Warriors 109, Nets 102: Downgrade For Defense


Everyone in this game gets a slight downgrade from the grade I’d like to give them for the total team effort. Yes, Stephen Curry is just going to hit threes sometimes — he’s very good at that. But the Nets turned the ball over in the fourth quarter like that was basketball’s mission, gave up offensive rebounds and open shots to David Lee, and rushed their way towards trying to win this one against a team that’s better at rushing. They lost this game, on their home court, fair and square, despite some excellent individual showings. Here’s your Net Worth:

Deron Williams POINT GUARD

Controlled the pace of the game really well in the first quarter, but lost that control when trying to push at the Warriors pace in the middle quarters. Started to find his touch more early in the fourth quarter, but couldn’t hit pull-up quick shots down the stretch and there wasn’t much defense for the way Stephen Curry was shooting. Did his best and did what he felt he had to do late, but the late-game offense essentially boiled down to “find Deron for three” and it didn’t exactly work to perfection.


Is Mo Johnson finally dead and gone!? Did Joe hear our prayers? Johnson came out firing early, and after missing his first corner 3 caught fire from inside and outside the arc. The Nets went to him in the low post early in Lopez-esque fashion and he delivered, hitting three straight shots from there (the third an and-1), then spacing him out. He hit threes that barely touched the net en route to 20 first-half points. Played with a similar intensity in the second half, though not as successful — the Nets went away from the ball movement that had gotten him good looks and started purposefully isolating him, leading to more low-percentage shots out of the offensive flow. But in the context of the team, he was great tonight. Mo Johnson was nowhere to be found.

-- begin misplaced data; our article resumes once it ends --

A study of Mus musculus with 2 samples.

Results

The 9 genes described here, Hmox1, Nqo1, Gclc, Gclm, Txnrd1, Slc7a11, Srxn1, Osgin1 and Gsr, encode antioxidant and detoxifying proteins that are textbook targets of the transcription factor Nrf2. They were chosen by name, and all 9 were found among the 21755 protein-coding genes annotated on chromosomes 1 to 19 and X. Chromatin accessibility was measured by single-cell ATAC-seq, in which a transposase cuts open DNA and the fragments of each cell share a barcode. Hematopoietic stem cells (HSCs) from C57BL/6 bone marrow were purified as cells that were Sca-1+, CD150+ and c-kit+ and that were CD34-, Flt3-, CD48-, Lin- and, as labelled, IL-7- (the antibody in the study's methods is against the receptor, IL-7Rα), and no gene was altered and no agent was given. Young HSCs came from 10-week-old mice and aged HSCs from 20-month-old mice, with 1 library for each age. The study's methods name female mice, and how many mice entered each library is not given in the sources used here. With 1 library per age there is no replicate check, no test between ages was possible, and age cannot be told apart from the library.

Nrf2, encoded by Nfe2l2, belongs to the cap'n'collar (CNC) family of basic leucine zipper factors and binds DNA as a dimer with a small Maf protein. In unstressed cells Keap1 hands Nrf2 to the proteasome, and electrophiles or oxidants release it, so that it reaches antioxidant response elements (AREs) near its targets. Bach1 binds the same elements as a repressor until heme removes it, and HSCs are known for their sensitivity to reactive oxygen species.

Gerald Wallace SMALL FORWARD

Functional, but thought he got caught out of position defensively one too many times. Wallace did get stuck guarding one of the two Warriors shooters often, and just wasn’t quick enough to hold them back. But though Crash’s effort doesn’t change, this wasn’t his best game.

Kris Humphries POWER FORWARD

Preserved a few possessions that led to second-chance points in the first half, but even without Lopez available, sat more minutes than expected, and it didn’t seem wrong to sit him. Outside of a few above-average games, he doesn’t seem like the same player from the past two seasons.

Andray Blatche POWER FORWARD

Enormous double-double. Yes. Efficient. Yes. Some big dunks inside to keep this one within a sliver of possibility in the final minute. Yes. Another solid game for the Zero Hero’s standards, though his effort boxing out David Lee resembled a beached goldfish. But the most important part of this evening cannot go unmentioned: the pure ferocity with which Blatche stared down a three-point attempt, with seconds ticking off of the second quarter, was palpable. The entire arena knew he was going to shoot it. It was destiny, completely unnecessary, wonderful destiny. There is no show in the NBA quite like the Andray Blatche show, for better or for worse, and no more perfect explanation of the better Blatche than that three-pointer.


Avery Johnson said before tonight’s game that his bench players can’t get 50 chances; they’ve got to be efficient right out of the gate. Seemed like a direction to MarShon, who made one brief cameo and did nothing with it.



An oddly subdued game from Evans. Seemed like the effort was there when going for rebounds, but the effort just didn’t come to fruition.

Jerry Stackhouse SHOOTING GUARD

I’m sad.


Pregame, Avery Johnson mentioned that Watson’s shot just hasn’t looked right lately and that they’d spoken with him about fixing it. Seems like it worked: Watson hit two threes tonight and looked like the best player off the Nets’ bench. Unfortunately, that didn’t say much.